Facebook’s Fort Worth Data Center opens
Amazon nearly made Fort Worth a $6 million delivery, and with the help of Facebook.
Young professionals pointing to Amazon’s expansion plan convinced City Council to think a few days about a larger tax increase and buying an extra $6 million in better city bus service.
Two council opponents eventually sank the idea. But it was last-minute anyway.
It was another example of civic activism fostered on Facebook.
“Please don’t look down on us because of our youth,” Rice University alumna Sadie Murray, 25, told the council, saying young people will “take action about the things that we care about.”
Last week, that meant better public transit, a requirement to contend for Amazon’s new corporate headquarters and other relocations.
Last month, young residents of all colors had organized on Facebook and lobbied City Council to challenge a new Texas immigration law.
Facebook has become a Fort Worth gathering place to rally civic support for neglected children of the Las Vegas Trail neighborhood (“LVT Love”), for better public schools and for marches such as one last month for “love, not hate.”
The United Fort Worth campaign opposing a city role in immigration enforcement “was 100 percent Facebook,” organizer Daniel García Rodríguez, 22, said last week.
“Our first meeting was small, but the next meeting we got so many people we had to add more chairs,” he said.
“I feel like it’s a huge opportunity for people to communicate. When you click on an event and see that 75 people are going, it makes more people want to go.”
The group supporting better bus service, the Tarrant Transit Alliance, had been helped along by Fort Worth Transportation Authority board member Jeff Davis, a lawyer and former councilman.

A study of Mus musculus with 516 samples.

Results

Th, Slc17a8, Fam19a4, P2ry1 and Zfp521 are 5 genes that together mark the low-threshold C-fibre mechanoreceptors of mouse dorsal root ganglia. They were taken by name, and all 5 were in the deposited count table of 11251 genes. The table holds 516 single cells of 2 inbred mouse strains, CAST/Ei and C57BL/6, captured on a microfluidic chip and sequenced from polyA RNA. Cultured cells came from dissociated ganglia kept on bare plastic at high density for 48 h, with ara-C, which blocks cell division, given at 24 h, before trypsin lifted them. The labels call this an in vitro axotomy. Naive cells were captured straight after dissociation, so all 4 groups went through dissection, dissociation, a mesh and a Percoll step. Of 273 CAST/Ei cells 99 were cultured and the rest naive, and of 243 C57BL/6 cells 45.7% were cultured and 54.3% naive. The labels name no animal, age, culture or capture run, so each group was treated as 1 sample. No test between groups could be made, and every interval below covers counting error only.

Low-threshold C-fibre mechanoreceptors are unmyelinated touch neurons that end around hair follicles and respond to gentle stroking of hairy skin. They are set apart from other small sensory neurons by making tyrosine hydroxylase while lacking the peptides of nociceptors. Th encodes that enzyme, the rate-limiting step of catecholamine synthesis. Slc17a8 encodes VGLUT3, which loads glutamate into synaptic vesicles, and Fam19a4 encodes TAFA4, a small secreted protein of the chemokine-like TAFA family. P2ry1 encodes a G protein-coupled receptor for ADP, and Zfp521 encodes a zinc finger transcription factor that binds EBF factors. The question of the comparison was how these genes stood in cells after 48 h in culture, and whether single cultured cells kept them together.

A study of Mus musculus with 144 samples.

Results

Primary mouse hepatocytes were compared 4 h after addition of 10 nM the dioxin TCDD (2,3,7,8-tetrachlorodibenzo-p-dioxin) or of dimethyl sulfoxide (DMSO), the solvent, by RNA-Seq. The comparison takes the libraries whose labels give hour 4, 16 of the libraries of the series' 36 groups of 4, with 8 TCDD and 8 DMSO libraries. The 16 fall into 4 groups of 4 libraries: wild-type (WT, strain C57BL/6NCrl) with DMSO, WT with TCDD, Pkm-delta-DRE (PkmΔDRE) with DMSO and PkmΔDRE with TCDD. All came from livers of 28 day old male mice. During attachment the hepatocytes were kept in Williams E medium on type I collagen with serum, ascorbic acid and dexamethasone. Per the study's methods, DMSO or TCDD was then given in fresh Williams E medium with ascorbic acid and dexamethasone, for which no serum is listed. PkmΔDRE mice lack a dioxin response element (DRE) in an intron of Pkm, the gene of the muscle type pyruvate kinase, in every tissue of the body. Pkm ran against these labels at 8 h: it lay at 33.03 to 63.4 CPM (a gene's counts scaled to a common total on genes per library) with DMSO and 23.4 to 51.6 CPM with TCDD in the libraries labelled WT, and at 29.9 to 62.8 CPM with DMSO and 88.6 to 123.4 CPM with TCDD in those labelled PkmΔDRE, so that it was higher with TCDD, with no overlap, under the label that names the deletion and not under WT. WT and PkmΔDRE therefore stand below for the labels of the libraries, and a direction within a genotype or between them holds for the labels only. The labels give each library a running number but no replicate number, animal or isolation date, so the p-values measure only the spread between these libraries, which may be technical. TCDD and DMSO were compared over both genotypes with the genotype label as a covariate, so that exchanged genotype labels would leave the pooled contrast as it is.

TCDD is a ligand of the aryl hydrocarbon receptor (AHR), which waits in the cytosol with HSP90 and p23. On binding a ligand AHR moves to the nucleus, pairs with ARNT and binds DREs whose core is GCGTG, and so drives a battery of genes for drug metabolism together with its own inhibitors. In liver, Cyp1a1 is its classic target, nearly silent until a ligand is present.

But in only days, the alliance’s Facebook following grew to 350.
“I think these advocacy groups have been formed out of frustration and isolation, to help get a message across to boards, councils and school boards,” Davis said.
We brag about how many people we get [to move] to Fort Worth, but when we get you here, you are stuck. You’ve got to have a car.
Council member Gyna Bivens
He was surprised at the response and the velocity.
“I’m blown away by the response at all levels,” he said, “by people who are remarkable, thoughtful, sustained, passionate.”
The council voted 6-1 to delay passing a new budget and consider taxing residents an average of an extra $13 per year for better bus service. (Update: But when the council met Sept. 22 to consider the revised budget, two council members who opposed the transit spending didn’t show up and the proposal failed for lack of a quorum.)
“We brag about how many people we get [to move] to Fort Worth,” east side Councilwoman Gyna Bivens told council — “but when we get you here, you are stuck. You’ve got to have a car.”
Fort Worth spends less than half what Austin or San Antonio spend per resident on transit, and barely one-tenth of what Dallas or Houston spend.
“This is not an under-40 issue, it’s an economic development issue,” developer Ryan Dwiggins, 31, told the council.
The Fort Worth City Council will hold hearings Sept. 22 and Sept. 26 and vote Sept. 29 on reducing the tax rate by 2 cents. (The average taxes would still go up.)
“Do we want companies to relocate here, or do we want to become a bedroom community?”
More than one speaker said Fort Worth needs to keep young professionals and college graduates here, and how that’s tougher if they need cars instead of relying on transit and ridesharing.
For 11 years, the Fort Worth Chamber of Commerce has reached out to young professionals through its Vision Fort Worth program.
“This generation is way more civic-minded, more community-minded, than any other generation,” Vision director Brittany Brookens said last week.
“Young groups look up and say, ‘Hey! We want to fix this!’ I see so much passion among young professionals. … We want them to stay here. We want them to live here.”
At the council meeting, Murray, the former Rice student, showed photos from a video she posted of the city’s forlorn, overgrown, inaccessible bus stops.
“You’re just going to see more of us here talking about what matters,” she said.
Today, those conversations start on Facebook.